Thousands of mainly young Thais were back on the streets of Bangkok on Sunday for a fifth straight day of protests demanding sweeping political change, with demonstrations also taking place at several other locations around the country.
The demonstrators, who are protesting despite a state of emergency banning them from doing so, received a new warning from police that they are violating the law. On Saturday, however, few people had been arrested as peaceful rallies were held at several points around Bangkok, the capital, with several thousand taking part.
The protest movement — which is calling for the prime minister’s resignation, a more democratic constitution and a reformed monarchy — began in March at universities around the country. After a lull due to the coronavirus crisis, it was revived in late July, building up strength, particularly in Bangkok.
On Sunday, rallies were called in at least a dozen provinces, including Chiang Mai, a popular tourist destination in northern Thailand. Social media spread the word, though the government said it would seek legal action against accounts posting details of planned protests.
The rallies in Bangkok again drew large crowds, perhaps as many as 10,000 in all, despite the official warnings and intermittent rain. Organizers declared the protests officially over at 8 p.m., though many people lingered.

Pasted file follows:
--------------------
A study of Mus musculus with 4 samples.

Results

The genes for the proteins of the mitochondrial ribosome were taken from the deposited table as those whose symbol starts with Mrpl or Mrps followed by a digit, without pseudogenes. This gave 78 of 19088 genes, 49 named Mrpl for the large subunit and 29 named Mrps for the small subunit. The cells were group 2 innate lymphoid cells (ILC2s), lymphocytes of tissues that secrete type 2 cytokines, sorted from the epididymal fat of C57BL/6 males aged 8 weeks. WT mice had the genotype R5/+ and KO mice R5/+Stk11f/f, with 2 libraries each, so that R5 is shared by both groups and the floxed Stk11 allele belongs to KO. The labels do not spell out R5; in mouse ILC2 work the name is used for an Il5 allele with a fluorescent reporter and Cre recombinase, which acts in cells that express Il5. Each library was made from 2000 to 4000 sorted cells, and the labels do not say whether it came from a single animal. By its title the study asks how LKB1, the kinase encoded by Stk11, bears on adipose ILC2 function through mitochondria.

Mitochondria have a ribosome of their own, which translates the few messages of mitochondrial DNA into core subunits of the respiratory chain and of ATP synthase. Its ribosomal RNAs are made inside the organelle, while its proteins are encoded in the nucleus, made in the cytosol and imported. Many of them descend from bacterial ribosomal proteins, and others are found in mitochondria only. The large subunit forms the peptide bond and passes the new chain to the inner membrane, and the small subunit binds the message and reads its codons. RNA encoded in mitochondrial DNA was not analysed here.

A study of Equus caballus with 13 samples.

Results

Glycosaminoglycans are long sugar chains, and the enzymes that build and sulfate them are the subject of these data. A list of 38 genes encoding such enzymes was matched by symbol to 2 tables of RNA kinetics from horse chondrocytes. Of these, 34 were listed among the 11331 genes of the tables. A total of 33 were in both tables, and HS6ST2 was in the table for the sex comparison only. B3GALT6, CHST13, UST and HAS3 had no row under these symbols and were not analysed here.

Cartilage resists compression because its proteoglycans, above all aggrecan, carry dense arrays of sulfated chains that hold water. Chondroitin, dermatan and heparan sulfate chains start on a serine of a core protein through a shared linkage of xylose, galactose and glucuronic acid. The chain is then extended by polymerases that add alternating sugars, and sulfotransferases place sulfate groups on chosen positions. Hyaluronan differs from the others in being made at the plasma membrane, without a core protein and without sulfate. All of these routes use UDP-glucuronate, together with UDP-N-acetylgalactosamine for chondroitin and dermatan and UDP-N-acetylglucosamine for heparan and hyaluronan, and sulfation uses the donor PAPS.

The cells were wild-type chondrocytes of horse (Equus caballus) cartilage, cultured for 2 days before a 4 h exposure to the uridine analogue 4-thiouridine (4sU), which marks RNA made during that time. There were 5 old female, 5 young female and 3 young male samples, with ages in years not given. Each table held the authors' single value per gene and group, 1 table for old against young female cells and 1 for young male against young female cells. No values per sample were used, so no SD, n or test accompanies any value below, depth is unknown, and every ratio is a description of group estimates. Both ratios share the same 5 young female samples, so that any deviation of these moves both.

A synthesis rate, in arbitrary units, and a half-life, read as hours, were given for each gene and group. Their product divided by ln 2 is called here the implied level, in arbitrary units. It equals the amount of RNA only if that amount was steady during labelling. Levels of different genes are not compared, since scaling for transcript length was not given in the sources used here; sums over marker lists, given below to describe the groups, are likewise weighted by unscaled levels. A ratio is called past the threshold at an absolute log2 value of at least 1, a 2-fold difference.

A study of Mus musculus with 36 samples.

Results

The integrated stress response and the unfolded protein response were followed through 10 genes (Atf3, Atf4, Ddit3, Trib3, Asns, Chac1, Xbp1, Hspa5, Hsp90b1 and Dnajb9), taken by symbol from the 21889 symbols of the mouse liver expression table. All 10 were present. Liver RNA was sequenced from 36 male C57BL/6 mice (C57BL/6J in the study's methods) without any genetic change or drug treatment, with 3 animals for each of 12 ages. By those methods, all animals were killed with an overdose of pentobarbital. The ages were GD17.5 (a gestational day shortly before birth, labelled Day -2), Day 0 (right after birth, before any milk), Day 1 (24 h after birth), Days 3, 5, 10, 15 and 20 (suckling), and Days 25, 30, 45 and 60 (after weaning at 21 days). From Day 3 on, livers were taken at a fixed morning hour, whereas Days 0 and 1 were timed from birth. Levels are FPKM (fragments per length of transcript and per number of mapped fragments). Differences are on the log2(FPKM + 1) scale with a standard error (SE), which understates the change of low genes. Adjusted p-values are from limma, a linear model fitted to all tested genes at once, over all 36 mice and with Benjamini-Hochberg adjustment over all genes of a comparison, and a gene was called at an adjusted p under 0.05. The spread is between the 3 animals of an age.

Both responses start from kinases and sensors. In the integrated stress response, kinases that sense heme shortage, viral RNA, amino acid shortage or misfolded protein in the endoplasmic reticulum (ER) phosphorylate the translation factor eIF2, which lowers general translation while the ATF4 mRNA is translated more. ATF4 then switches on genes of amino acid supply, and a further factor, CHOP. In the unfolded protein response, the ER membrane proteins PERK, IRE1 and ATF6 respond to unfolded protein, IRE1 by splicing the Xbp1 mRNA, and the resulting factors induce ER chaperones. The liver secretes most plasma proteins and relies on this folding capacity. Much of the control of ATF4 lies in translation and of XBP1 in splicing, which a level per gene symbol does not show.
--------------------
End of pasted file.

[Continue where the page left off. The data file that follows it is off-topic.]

The authorities earlier tried in vain to keep people from gathering by selectively shutting down stations on Bangkok’s elevated and underground mass transit lines. On Saturday, after protest organizers had urged followers to meet at the city’s Skytrain stations, the authorities ordered all stations to be closed, to little avail.
The current cycle of confrontations began before dawn Thursday, when police broke up an overnight rally outside Government House, which hosts the offices of Prime Minister Prayuth. It led him to declare a 30-day state of emergency for Bangkok, banning gatherings of more than five people and allowing the government extra powers to keep the peace.
Protesters ignored the emergency decree and gathered Thursday night in large numbers at a major intersection in Bangkok’s central shopping district, overcoming half-hearted resistance by thin lines of police.
A Friday night rally at a nearby intersection was crushed by a large force of riot police backed by truck-mounted water cannons. The use of force was condemned by rights organizations.
Police made no efforts to break up Saturday’s gatherings, which ended peacefully.
“The situation is very dynamic at the moment,” police deputy spokesperson Kissana Phatanacharoen said at a Sunday morning news conference. “There is no formula as to what we do or what we don’t do.”
He said that if people failed to obey the law, police would be compelled to enforce it.
The protesters charge that Prayuth, who as army commander led a 2014 coup that toppled an elected government, was returned to power unfairly in last year’s general election because laws had been changed to favor a pro-military party. The protesters say a constitution promulgated under military rule and passed in a referendum in which campaigning against it was illegal is undemocratic.